Sara Donaldson

Assistant professor of education

  • Bachelor’s degree in social work
  • Master’s degree in elementary education from the University of New Hampshire
  • Doctorate in education from Johns Hopkins University

Sara DonaldsonMy previous job: Adjunct faculty and clinical supervisor in the Department of Education at Roger Williams University in Bristol, R.I.; (also currently adjunct faculty at Johns Hopkins University in Baltimore, Md., for the School of Education, online master’s STEM/mathematics leadership program)

Why I became an educator and what led me to my field: “After beginning my college career as a physical therapy major, I was drawn back to the field of education, something that had been a childhood dream and goal. I have been an educator since completing my master’s degree in 1993. I spent the first half of my career teaching in elementary and middle school classrooms in urban, public schools. I loved the daily problem solving, task variety and relationship-building with students and families. After becoming a mother, I stepped out of the classroom and began work as a consultant supporting teachers’ ability to promote high-quality mathematics and STEM learning opportunities in their classrooms. This work led me to taking an adjunct position at Roger Williams University. I fell in love with working with pre-service teachers and, as a result, went back to school to earn my doctorate in education so I could make this my full-time work.”

My current research focus: “My current research revolves around developing structures and systems that promote critical colleagueship as a tool for enhancing individuals’ sense of belonging and efficacy in teaching and learning contexts. I am currently involved in two different research projects. One involves working with mathematics and STEM instructional leaders to help them create professional environments that promote high-quality, equitable learning opportunities in K–12 classrooms. The other is looking at how the structure and climate of online learning environments promote or impede graduate students’ sense of belonging in scholarly communities.”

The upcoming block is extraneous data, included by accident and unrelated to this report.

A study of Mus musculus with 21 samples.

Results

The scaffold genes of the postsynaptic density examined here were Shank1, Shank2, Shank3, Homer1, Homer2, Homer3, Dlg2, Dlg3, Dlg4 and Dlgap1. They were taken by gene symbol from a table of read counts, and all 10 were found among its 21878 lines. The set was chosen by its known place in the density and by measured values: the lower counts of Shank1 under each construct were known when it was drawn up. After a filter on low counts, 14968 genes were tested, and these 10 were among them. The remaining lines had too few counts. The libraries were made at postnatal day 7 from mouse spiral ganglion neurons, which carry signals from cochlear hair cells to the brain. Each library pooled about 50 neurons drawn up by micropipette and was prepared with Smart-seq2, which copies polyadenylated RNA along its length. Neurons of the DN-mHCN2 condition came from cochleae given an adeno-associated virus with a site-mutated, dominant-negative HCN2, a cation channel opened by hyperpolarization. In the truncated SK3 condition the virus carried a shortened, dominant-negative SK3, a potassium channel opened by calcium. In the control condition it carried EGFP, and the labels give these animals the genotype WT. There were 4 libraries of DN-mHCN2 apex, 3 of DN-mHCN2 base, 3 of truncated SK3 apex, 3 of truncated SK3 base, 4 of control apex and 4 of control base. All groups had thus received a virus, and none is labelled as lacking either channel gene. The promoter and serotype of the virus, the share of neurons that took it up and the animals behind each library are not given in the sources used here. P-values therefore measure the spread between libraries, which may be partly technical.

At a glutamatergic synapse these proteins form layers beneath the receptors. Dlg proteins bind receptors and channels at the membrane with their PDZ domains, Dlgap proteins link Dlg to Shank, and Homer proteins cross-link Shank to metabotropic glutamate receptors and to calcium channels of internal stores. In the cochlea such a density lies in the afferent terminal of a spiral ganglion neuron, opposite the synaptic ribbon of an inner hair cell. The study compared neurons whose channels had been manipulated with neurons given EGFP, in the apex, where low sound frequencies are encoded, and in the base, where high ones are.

Why I chose Wheaton: “I chose Wheaton for several reasons. I was drawn to the college’s emphasis on interdisciplinary connections and innovative instructional design. These are two aspects of how I have always developed learning opportunities for students, so I knew it would be a good fit for my work and ongoing development. I was also very impressed with the welcoming culture and atmosphere at Wheaton from the moment I walked on campus for my interview. Having worked as an adjunct faculty member and independent consultant for more than a decade I was looking for a work environment where I could develop professional relationships and become part of an active and stimulating community. Wheaton seems to be just that type of place.”

Most important lesson I learned in college: “The most important lesson I learned in college is that developing relationships with professors and other students will enhance your learning. As a student I was always very independent, rarely collaborating with my peers and only attending office hours when it was a requirement. Although I was a successful student, looking back I missed the opportunity to extend my learning by connecting with others. I used this ‘hindsight’ while working on my doctorate and as a result not only broadened my perspective of issues and ideas but also became involved in multiple research and curriculum design projects that helped launch my academic career.”

What I want every student to learn: “I want every student to learn that mistakes and struggles are what drive learning and so they should be brought to the forefront, shared with others, and used to collaboratively move thinking and learning forward. Failures are what drive progress at both the micro and macro levels.”

What few people know about me: “Few people know that weeding is one of my favorite meditative practices. After a stressful day or when I’m struggling with a problematic situation, I find it very therapeutic to weed my gardens. Yanking invasive plants out of the ground and seeing the immediate positive results is strangely rewarding and satisfying.”